YES.

The image size and quality of today’s standard phones is more than enough for an ID card photo.

But, if you’re anything like me, you’ll want to see exactly how cell phone image sizes compare to the standard ID badge photo. The image to the right shows exactly this. At 600 dpi, the standard ID photo size is about 700 x 900 pixels.* (Id card photos should be printed at 300-600 dpi. We chose the highest quality for this example.)

Even less advanced phones should have at least a 5 megapixel sensor; which, as you can see, leaves more than enough room to not only take an ID photo, but to be able to crop it after it is taken. (Remember, if you’re using InstantCard for your ID badges, crop your photos with our online tool, not beforehand!)

(Click here if you’re interested in learning more about standard ID card layout and dimensions.)

Great… Right?

You still must be careful—lots of megapixels don’t ensure a good ID photo!

Whether using a professional camera or an iPhone, you still need to be aware of several factors which severely impact your photos.

  1. LIGHTING
    If the room is too dimly lit, your phone will compensate with gain—making images appear grainy with color distortion that is not good for identification. Additionally you should be aware of shadows on the subject’s face. Make sure to position lights to eliminate all shadows.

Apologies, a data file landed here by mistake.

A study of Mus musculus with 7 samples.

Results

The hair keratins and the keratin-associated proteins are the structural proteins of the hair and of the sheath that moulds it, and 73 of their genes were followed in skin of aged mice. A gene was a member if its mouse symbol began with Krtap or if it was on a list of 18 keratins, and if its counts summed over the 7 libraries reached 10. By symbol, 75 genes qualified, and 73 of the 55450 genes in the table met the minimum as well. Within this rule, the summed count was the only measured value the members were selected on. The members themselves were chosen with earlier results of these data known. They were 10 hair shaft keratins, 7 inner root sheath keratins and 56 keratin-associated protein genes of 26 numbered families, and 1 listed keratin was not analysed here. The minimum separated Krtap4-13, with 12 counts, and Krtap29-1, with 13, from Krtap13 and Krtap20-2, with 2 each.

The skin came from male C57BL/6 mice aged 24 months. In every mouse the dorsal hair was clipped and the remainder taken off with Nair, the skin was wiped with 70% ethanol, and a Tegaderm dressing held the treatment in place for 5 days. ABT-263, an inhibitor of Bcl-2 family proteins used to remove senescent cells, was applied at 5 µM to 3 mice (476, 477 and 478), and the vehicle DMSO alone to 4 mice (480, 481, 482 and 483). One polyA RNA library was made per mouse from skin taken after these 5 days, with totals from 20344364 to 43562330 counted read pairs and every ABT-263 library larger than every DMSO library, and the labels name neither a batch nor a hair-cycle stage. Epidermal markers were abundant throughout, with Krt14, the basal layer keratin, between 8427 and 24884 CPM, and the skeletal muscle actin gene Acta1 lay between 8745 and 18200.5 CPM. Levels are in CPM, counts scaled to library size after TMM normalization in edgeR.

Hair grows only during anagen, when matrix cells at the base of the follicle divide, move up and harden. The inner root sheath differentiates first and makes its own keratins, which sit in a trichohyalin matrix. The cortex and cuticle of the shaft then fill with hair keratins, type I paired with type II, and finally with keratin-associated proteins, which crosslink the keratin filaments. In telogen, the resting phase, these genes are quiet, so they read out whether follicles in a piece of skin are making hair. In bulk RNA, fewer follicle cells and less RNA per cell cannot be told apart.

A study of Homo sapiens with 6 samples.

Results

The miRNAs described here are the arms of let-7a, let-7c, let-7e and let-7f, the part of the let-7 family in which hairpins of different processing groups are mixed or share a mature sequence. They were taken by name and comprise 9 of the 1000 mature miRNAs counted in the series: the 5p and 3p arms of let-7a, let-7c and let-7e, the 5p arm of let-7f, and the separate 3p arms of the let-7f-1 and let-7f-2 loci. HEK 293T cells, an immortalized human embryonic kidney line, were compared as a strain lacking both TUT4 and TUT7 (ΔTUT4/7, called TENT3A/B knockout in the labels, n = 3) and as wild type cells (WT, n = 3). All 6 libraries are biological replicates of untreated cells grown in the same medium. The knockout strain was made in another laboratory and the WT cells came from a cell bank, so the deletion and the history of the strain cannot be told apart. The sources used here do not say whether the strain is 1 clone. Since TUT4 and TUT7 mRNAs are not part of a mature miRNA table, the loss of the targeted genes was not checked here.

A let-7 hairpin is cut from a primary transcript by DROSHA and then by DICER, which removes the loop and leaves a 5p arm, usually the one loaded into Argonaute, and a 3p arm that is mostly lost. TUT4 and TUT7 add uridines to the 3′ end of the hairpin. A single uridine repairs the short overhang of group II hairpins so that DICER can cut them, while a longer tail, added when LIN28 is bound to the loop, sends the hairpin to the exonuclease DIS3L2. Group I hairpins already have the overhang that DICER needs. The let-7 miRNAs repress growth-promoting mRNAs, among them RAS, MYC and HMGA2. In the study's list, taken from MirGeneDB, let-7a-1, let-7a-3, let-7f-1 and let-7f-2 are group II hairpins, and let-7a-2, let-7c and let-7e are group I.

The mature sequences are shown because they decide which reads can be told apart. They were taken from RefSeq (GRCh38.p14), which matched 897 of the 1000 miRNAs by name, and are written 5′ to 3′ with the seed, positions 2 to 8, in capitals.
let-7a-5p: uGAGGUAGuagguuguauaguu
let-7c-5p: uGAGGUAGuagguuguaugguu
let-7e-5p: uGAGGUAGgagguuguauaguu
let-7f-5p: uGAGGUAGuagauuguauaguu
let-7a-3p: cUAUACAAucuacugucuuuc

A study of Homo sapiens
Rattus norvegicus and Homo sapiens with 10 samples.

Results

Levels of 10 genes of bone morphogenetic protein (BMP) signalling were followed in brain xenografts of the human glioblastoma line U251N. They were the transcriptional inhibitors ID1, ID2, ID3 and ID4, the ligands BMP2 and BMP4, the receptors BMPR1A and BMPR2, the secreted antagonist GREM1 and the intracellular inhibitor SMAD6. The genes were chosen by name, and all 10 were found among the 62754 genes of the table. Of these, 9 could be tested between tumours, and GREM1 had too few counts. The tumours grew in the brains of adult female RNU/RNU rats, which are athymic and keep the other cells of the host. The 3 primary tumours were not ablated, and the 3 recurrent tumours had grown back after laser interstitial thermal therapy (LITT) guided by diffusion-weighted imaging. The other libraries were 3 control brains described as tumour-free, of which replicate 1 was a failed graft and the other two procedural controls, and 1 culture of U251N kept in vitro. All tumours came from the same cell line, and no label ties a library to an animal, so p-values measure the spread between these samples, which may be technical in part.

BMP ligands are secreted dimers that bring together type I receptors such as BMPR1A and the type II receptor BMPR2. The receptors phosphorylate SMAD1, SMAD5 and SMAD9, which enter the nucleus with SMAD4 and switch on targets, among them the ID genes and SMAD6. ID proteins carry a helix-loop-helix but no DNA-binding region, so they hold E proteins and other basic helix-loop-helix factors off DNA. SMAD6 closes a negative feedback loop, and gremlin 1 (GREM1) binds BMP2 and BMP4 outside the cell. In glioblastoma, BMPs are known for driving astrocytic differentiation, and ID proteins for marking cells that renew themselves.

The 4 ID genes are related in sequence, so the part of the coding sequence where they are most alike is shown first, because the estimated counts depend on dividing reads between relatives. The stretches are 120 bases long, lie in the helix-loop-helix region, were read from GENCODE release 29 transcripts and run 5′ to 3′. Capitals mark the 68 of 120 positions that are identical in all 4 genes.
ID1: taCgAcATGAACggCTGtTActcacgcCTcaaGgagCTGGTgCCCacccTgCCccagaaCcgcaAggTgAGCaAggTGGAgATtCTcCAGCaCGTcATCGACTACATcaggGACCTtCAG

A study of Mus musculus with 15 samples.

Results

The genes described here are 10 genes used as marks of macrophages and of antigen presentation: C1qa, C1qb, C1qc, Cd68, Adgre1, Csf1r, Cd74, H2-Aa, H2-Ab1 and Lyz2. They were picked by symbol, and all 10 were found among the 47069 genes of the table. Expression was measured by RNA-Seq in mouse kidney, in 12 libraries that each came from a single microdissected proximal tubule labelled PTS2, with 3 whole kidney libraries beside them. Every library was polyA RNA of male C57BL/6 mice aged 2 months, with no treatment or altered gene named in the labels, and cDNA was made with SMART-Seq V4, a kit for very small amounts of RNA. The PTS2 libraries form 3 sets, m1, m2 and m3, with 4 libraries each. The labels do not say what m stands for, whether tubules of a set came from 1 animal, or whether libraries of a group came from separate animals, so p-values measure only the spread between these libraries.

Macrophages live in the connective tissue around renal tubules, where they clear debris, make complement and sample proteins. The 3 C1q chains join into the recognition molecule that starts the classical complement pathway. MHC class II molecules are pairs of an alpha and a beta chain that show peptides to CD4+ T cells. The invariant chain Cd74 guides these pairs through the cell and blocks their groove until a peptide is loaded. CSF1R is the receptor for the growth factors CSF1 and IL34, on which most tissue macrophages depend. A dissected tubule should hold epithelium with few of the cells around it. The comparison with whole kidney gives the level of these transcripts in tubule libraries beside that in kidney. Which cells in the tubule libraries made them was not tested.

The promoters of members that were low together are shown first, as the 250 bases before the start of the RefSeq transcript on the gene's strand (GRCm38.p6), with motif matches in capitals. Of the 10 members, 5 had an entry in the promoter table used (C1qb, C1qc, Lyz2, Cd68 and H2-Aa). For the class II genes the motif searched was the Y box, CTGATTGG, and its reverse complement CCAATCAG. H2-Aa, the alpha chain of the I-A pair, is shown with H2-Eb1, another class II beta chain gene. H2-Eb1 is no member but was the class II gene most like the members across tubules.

2. FOCUS
    Most phones have an option to touch the screen to choose your focal point before taking your photo. Make sure to use this whenever available. There’s always the chance that the photo looks OK on a tiny screen, but is actually blurry when taken.
  3. BACKGROUND
    If you’re taking photos with a phone, we’re guessing you aren’t using a photo studio. That’s fine, but it also means you (most likely) don’t have a photo backdrop. Make sure to place the subject in front of a neutral background. If your company has a projection screen, it will work nicely as a backdrop.

Remember, memory is now cheap—take numerous photos and choose the best!

*700 x 900 pixels is not a universal standard and may vary based on card template and application.  It’s just meant to give you an idea of comparative sizes.